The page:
Experts Question Efficacy of HHS Public Health Efforts
Some public health experts allege that HHS's funding system puts a "disproportionate focus" on specific public health threats instead of allocating limited dollars toward "core public health infrastructure to improve response to all potential threats," CQ HealthBeat reports. The millions of dollars spent on treatments and potential vaccines for anthrax in the wake of the anthrax attacks in September 2001 illustrate how HHS responds to media coverage by focusing too much on the "disease du jour," according to CQ HealthBeat.
Lawrence Gostin, director of the Center for Law and the Public's Health at Georgetown University Law Center, said, "Whenever the media highlights a particular threat, the federal government focuses on that threat. It is very difficult, if not impossible, to predict any specific threat, which means that we are likely to be paying enormous sums of public money for threats that may never materialize."
The Trust for America's Health estimates that HHS should spend about $950 million annually on health and bioterrorism grants. Such funding goes toward items including hiring epidemiologists, inspectors and trained laboratory personnel to confirm an outbreak; improving lab and technical systems; investing in local planning and public information specialists; improving vaccine industry infrastructure; improving vaccine distribution ability; and practicing response and containment plans.
However, advocates say the decreasing amount of federal funding for public health and bioterrorism grants -- $919 million in fiscal year 2005, $823 million in FY 2006 and an expected $800 million in FY 2007 -- mean funding levels are "going in the wrong direction," CQ HealthBeat reports.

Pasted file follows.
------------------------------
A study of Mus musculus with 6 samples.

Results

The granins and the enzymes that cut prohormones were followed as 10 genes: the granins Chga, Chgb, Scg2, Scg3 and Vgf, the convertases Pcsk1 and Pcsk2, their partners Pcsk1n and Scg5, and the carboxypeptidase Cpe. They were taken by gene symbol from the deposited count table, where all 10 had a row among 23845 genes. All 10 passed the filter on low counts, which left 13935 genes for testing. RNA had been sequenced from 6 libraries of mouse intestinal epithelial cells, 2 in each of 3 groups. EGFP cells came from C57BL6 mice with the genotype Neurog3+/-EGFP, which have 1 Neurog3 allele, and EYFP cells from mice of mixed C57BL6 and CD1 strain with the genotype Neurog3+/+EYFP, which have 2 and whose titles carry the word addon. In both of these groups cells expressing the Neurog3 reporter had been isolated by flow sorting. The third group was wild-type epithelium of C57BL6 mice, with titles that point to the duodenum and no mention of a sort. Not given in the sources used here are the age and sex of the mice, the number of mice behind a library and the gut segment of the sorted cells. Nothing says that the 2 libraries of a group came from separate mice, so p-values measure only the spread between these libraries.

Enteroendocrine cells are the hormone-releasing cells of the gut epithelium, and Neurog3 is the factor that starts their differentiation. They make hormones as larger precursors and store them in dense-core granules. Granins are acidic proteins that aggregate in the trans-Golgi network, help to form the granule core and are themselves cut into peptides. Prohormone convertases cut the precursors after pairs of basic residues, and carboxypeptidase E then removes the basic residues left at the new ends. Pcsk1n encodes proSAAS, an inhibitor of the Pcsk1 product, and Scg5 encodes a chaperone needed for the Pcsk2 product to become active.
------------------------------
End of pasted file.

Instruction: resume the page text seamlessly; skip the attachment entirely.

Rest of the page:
Michael Greenberger, director of the Center for Health and Homeland Security at the University of Maryland School of Law, said, "Whatever money is being generically spent, it's nowhere near enough to upgrade public health facilities, public health departments, public health laboratories. All of them are in substantial disrepair."
HHS officials "strongly deny" the allegations by Gostin and others, CQ HealthBeat reports.
HHS spokesperson Bill Hall said, "We have put what we feel is a tremendous amount of money into public health infrastructure funding, yet we also need to take steps to protect Americans from potential threats, including those such as anthrax, smallpox and other" agents.
Hall said the proposed FY 2007 budget would allocate an additional $1.3 billion in preparedness grants to states and local governments. He added, "We understand in this kind of environment, intelligent and reasonable people are going to disagree on what and how much gets funded. But we have to make certain decisions and base that on the best information available and the best judgment" (Phillips, CQ HealthBeat, 3/7).